Dodd Announces Having Prostate Surgery
Yesterday U.S. Sen. Christopher J. Dodd announced in a press conference that he has been diagnosed with early-stage prostate cancer. The diagnosis was made in June after his annual physical.
Dodd, 65, made the announcement of his prostate cancer diagnosis with his wife Jackie at this side. He will be using the Senate recess to have surgery to remove his prostate at Memorial Sloan-Kettering Cancer Center in New York City.
Dodd said, "I'm going to be fine," and added that he expects to return to his Senate duties after a couple of weeks of recovery. His doctor, Howard Scher, MD, says the "prognosis for his full recovery is excellent" in a statement released by Dodd's office.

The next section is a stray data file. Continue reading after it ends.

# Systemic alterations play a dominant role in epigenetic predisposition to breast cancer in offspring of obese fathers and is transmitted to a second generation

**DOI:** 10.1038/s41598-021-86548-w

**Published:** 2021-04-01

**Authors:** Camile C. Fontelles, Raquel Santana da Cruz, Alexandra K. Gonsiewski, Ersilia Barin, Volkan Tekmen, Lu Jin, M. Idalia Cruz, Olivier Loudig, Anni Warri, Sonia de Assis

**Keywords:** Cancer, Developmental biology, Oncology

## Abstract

Dodd expects to spend a day or two in the hospital after his prostate surgery, followed by two weeks recuperating at home. The surgery and recovery will change plans for 2010 re-election campaigning, but he is adamant that his diagnosis will not derail the campaign.
Other than skin cancer, prostate cancer is the most common cancer in American men. The American Cancer Society (ACS) estimates 192,280 new cases of prostate cancer will be diagnosed in the United States in 2009. About 1 man in 6 will be diagnosed with prostate cancer during his lifetime. More than 2 million men in the United States who have been diagnosed with prostate cancer at some point are still alive today.
The estimated 5-year survival rate is nearly 100% and the estimated 10-year survival rate is 96% for men in Senator Dodd’s age group.